Mirapex, a drug used to treat Parkinson’s disease and restless leg syndrome, has been linked to an increased risk of heart failure. The FDA reviewed the drug’s clinical trials and found that heart failure was more common with Mirapex than with placebo. Other studies found the same results, but the FDA claims that “study limitations” make it difficult to come to a conclusive result on Mirapex.
So despite these studies, the FDA has issued nothing more than this alert, and directs patients to continue taking their medication.
Symptoms of heart failure include:
- shortness of breath
- swelling of the feet, ankles, legs or abdomen
- fatigue and weakness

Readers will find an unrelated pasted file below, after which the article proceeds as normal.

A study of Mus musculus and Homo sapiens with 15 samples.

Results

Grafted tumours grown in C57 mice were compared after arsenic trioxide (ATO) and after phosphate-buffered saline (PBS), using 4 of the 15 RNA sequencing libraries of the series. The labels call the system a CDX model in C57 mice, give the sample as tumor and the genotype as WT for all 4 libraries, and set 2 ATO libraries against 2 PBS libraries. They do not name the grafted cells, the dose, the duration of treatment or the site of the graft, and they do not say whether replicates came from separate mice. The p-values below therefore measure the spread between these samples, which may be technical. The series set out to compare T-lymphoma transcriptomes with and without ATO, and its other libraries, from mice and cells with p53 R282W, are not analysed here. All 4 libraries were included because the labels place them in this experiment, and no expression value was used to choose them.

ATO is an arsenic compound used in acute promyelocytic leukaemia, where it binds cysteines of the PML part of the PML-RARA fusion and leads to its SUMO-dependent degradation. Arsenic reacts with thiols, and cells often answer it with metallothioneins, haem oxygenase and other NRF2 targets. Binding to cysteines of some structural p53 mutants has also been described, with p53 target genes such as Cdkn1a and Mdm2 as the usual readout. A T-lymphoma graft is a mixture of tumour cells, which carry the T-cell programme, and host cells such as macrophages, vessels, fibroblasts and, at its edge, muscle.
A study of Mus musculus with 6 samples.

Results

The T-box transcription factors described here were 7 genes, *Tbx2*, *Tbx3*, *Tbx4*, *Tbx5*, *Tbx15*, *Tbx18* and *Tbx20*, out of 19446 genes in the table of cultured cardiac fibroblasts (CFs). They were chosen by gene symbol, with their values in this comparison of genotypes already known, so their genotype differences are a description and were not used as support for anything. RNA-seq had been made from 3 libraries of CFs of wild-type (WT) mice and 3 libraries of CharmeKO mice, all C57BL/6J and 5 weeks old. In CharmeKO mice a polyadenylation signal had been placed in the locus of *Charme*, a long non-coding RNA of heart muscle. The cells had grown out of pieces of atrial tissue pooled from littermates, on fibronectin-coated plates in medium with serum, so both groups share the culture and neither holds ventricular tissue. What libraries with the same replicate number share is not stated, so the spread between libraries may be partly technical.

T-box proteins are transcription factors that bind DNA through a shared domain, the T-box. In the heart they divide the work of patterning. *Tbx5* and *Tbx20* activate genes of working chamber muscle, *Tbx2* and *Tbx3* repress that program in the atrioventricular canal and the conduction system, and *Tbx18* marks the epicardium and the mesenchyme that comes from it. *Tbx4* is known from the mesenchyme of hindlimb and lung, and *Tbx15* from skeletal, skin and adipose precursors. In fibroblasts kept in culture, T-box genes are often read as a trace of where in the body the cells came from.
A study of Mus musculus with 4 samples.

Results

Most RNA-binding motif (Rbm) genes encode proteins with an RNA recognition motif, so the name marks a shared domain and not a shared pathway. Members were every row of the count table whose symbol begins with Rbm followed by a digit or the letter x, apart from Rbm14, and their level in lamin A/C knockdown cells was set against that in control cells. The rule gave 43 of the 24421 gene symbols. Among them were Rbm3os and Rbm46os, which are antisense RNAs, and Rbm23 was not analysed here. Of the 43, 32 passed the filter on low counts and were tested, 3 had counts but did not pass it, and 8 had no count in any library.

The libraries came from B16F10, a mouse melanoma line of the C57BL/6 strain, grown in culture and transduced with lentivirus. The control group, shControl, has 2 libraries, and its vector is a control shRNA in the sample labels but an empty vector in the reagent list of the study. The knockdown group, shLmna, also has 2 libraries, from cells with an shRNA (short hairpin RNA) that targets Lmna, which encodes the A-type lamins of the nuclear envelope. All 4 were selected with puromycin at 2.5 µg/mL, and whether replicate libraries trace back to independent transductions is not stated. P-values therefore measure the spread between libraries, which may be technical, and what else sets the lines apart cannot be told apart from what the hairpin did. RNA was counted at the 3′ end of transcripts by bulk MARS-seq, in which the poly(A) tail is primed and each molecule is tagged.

- rapid or irregular heart beat
- chest pain
- persistent coughing or wheezing with white or pink blood-tinged phlegm
This is not the first problem linked to Mirapex. In 2008, a case was brought alleging that Mirapex caused compulsive behaviors, in that case, gambling. A federal jury awarded the plaintiff $8.2 million as a result. Following this, hundreds of people that had taken the drug and developed their own compulsive behaviors came forward.
Pfizer finally added the possibility of compulsive behaviors to the drug’s label after reports of behavior such as binge eating, gambling, compulsive shopping, and hypersexual behavior surfaced.
The list of bizarre side effects does not end there. There are also warnings against the possibility of falling asleep without warning during the day, and hallucinations. In some studies, up to 16.5% of people taking the medication suffered hallucinations.
Should the FDA be more aggressive about its warnings?